St Margaret's

St Margarets Somersby interior 1_300The church of St Margaret in Somersby is a small and inviting Grade II listed building consisting of a square tower, nave, chancel and south porch. It is built of Spilsby Sandstone and at first sight is fairly typical of the churches to be found across the Lincolnshire Wolds. However, St Margaret’s is far from a typical church for it was here in 1809 that the poet Alfred Tennyson was baptized. His father Dr. George Clayton Tennyson was rector here from 1808 until his death in 1831.
Built sometime before 1612 the church has architectural features surviving from the 15th century including some of the windows. There is a brass plaque of a kneeling knight to George Littlebury dated 1612 in the chancel, and a stone memorial to Kath and Robert Burton dated 1742. The Burtons were the landowners for many, many years and lived opposite the church.
For the restoration of the church – between 1863 and 1865 – the khaki coloured Spilsby Sandstone was used, sourced from the now disused quarry just outside the village. There is also redbrick patching on the tower. And a slate roof. Originally the roof would have been thatched.
Inside there is a wooden ceiling and coloured stone-tiled floor. The church has a plain octagonal font.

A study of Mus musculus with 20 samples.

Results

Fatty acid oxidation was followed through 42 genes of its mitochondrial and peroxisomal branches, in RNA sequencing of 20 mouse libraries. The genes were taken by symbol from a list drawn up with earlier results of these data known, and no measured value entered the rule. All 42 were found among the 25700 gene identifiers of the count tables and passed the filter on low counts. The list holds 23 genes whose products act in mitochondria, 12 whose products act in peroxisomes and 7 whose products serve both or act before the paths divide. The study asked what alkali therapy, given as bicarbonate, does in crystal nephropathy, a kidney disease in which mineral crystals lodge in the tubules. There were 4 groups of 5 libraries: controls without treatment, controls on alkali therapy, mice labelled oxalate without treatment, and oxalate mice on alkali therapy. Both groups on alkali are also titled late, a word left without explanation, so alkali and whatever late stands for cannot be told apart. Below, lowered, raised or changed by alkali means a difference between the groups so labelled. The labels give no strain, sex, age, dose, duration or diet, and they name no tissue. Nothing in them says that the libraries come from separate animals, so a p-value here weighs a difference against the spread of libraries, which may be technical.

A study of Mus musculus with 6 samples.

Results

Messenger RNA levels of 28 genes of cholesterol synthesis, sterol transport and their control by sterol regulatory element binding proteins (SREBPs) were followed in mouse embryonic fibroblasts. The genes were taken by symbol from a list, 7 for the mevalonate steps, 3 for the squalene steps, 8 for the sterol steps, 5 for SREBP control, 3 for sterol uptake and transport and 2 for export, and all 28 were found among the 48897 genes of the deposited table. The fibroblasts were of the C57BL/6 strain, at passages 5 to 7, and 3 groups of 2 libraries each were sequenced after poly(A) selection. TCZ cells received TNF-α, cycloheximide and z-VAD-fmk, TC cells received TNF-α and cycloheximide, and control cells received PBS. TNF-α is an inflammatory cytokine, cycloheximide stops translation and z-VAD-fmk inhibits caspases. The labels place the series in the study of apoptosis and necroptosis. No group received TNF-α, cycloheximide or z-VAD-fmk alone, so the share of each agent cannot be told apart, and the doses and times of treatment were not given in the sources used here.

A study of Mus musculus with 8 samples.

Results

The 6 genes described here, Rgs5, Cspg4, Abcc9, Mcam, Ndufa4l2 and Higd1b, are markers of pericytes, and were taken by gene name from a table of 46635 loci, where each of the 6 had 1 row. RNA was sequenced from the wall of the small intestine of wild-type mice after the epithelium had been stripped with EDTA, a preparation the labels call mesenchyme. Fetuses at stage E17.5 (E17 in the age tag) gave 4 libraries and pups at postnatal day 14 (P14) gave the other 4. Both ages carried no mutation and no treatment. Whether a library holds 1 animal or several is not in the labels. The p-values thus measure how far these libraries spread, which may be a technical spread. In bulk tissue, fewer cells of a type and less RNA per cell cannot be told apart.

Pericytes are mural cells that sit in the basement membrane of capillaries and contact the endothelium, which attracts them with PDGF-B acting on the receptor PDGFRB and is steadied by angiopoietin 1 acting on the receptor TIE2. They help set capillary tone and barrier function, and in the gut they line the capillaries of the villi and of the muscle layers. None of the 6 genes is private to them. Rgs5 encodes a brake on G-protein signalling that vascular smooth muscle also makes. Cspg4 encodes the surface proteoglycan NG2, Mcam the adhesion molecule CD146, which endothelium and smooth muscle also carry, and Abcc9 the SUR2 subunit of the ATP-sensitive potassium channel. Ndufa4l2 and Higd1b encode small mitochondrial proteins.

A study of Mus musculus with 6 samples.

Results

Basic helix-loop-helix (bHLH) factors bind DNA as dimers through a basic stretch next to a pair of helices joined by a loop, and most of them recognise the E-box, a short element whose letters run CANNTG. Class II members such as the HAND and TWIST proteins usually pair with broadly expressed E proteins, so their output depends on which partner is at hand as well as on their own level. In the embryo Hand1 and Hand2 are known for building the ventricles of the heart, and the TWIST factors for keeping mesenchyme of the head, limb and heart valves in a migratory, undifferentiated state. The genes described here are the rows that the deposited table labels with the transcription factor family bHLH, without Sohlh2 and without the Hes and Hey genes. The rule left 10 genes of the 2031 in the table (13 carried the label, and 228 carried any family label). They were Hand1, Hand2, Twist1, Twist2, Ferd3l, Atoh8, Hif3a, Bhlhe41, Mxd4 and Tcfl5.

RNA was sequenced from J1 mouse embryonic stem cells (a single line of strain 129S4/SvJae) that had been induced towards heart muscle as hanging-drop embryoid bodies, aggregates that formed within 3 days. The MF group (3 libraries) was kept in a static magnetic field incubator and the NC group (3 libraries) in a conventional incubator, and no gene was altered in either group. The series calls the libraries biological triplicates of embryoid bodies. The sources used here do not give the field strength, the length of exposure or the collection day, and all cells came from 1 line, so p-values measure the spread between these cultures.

St Margaret’s contains a copy of the bust of the bard by the pre-Raphaelite sculptor and friend of Alfred Tennyson, Thomas Woolner, and a small display of material concerning Tennyson’s life in Lincolnshire.
The tower is clad with oak panels with information on Tennyson’s life in Somersby. Momentarily part of this display is being renewed and updated, and may be absent if you enter the church.
There are however free full-colour guides on the gift table which also has notelets and tea-towels for sale. The proceeds of which go to the Restoration Fund.
The church seats around 80 people and is used several times a year for services. Above the porch is a sundial.
Outside the porch is a well preserved 15th century perpendicular cross.
In the graveyard, to the west of the porch, the modest tomb of the poet’s father Dr George Tennyson who died in 1831 can be found. There are various Burton graves denoted with crosses as you enter the graveyard.
On the north nave there is a blocked doorway to be found.
The graveyard is dotted with yew trees and there is a bench to be found where one can sit in the shade and enjoy the tranquility.
In 2012 St. Margaret’s underwent its quinquennial inspection and findings brought to light that an alarmingly substantial amount of money needs to be raised to repair and restore the church and to ensure its existence for generations to come. If you would like to make a donation for the conservation of this heritage church, we would be very grateful.

St Margaret’s sister church and namesake in nearby Bag Enderby, (photo on the right) is also of greenstone and has several interesting features such as segmental window arches of note and a perpendicular octagonal font. Found in a nearby field and now nailed to the door is what is believed to be the shield boss of Danish origin.
But like Somersby’s church, it is the connection that is key. Alfred Tennyson’s father was rector of both churches and would walk between the two, and deliver long and impenetrable sermons at both.
If you would like to attend a service in Somersby or Bag Enderby, dates can be found on the Events page.